Alex de la Iglesia directing 'grotesque tragedy'

'Balada Triste de Trompeta' will shoot early next year

SAN SEBASTIAN, Spain -- Spanish cult director Alex de la Iglesia will direct "Balada Triste de Trompeta," a tragic comedy co-produced by Spain's Tornosol and France's La Fabrique du Film.

The €8 million ($11.2 million), Spanish-language "grotesque tragedy" -- as De la Iglesia described it -- centers on two clowns in love with the same trapeze artist at a Spanish circus.

Set to shoot in Madrid and Alicante's Ciudad de la Luz studio in January, the film follows De la Iglesia's 2008 "The Oxford Murders," also produced by Tornosol and Fabrique du Film. The English-language "Murders" starred Elijah Wood and was Spain's highest-grossing homegrown hit at the domestic boxoffice last year with €8.2 million ($12 million).

Unlike "Murders," "Trompeta" is based on a De la Iglesia script, which promises the unique style and dark humor of the director-writer of such hits as "Day of the Beast," "The Commonwealth" and "Ferpect Crime."

Antonio de la Torre and Carlos Areces will play the clowns, while Carolina Bang will play their trapeze love interest. Carmen Maura, Juan Jose Galiardo and Enrique Villen round out the cast.

"Trompeta" is one of 29 Spanish films prebought by Spanish pubcaster Television Espanola, TVE's head of film Gustavo Ferrada said Thursday.

Among the films TVE has acquired are Alejandro Gonzalez Inarritu's "Biutiful," starring Javier Bardem, Fernando Leon's "Amador" and Mateo Gil's second feature, "Black Thorn," scheduled to shoot in the first half of 2010.

The announcement came at a joint news conference held by TVE and the Spanish producers' federation FAPAE in San Sebastian in the framework of the festival.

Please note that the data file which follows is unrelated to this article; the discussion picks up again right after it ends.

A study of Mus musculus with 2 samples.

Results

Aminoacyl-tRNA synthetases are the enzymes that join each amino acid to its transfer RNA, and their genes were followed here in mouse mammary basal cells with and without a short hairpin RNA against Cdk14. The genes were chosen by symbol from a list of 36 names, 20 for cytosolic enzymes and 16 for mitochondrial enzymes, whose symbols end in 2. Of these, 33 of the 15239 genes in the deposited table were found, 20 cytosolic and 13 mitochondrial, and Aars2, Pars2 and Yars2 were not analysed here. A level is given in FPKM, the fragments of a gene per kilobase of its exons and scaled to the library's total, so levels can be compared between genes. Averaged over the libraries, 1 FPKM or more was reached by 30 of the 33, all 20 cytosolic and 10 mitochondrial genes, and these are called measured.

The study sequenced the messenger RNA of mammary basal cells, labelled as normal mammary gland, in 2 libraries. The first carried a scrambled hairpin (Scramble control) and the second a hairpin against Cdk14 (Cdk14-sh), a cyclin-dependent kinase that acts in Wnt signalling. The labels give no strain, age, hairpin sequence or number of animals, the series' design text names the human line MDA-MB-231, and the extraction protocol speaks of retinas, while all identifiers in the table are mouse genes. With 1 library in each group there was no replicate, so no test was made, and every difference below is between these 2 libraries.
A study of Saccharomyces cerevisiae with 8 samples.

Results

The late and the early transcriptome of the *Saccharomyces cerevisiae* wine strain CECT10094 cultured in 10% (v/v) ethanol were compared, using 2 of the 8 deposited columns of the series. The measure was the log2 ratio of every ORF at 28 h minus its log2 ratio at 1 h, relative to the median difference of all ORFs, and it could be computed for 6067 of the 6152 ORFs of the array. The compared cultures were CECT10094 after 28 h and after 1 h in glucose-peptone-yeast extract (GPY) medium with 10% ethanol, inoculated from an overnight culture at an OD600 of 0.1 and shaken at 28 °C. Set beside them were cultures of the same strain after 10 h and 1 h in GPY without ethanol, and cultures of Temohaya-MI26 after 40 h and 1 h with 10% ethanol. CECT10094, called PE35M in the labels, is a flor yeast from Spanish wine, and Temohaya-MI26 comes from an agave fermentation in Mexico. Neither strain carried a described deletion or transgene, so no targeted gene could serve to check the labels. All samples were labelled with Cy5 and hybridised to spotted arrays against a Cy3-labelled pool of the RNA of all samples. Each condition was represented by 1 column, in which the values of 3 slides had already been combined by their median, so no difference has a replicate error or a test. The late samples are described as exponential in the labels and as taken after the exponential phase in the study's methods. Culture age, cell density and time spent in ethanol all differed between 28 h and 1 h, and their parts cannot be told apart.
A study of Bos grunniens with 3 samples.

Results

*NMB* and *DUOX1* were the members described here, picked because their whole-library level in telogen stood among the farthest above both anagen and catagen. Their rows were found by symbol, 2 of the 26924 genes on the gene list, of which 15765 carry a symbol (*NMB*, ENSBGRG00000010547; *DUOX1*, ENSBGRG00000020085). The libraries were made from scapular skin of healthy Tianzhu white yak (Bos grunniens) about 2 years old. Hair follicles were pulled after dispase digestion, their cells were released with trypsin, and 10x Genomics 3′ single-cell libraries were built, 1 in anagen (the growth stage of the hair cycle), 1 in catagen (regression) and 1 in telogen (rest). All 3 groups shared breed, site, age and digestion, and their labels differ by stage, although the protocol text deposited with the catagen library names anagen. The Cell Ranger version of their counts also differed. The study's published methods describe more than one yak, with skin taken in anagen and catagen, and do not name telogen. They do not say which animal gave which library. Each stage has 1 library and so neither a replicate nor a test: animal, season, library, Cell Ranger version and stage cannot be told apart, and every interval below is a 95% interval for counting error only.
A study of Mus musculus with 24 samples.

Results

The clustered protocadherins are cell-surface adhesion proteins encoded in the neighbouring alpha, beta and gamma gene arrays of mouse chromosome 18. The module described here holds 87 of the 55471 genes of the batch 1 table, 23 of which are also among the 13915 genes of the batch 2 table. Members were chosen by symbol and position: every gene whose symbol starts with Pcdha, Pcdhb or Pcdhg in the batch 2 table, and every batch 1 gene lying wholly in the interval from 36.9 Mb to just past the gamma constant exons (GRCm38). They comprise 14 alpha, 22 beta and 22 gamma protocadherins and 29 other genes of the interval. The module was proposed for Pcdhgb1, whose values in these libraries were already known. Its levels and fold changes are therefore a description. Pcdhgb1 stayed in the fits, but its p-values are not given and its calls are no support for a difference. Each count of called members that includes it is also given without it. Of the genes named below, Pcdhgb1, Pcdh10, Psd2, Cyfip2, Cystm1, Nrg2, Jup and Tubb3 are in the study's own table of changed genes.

TVE director Javier Pons said the pubcaster's second channel would "in essence become a thematic channel dedicated to Spanish-language movie" by programming a film in Spanish every week night during primetime.

FAPAE president Pedro Perez praised TVE's dedication to Spanish cinema, noting that 96% of the Spanish films aired on television screen on the pubcaster -- with seven of them snagging more than 2 million viewers.

"TVE is unquestionably the main support for Spanish cinema," Perez said.

Perez said Spanish film exports tumbled nearly 30% last year to $57.7 million, while TV sales grew 4.4% to $52.3 million. Exports to the U.S., Latin America and Asia combined accounted for less than 24% of all exports, making Europe the biggest consumer of Spanish cinema.

Perez said local films drew 10.8% of the moviegoing public, compared with 14.3% at the same point last year, but expected numbers to perk up by the end of the year.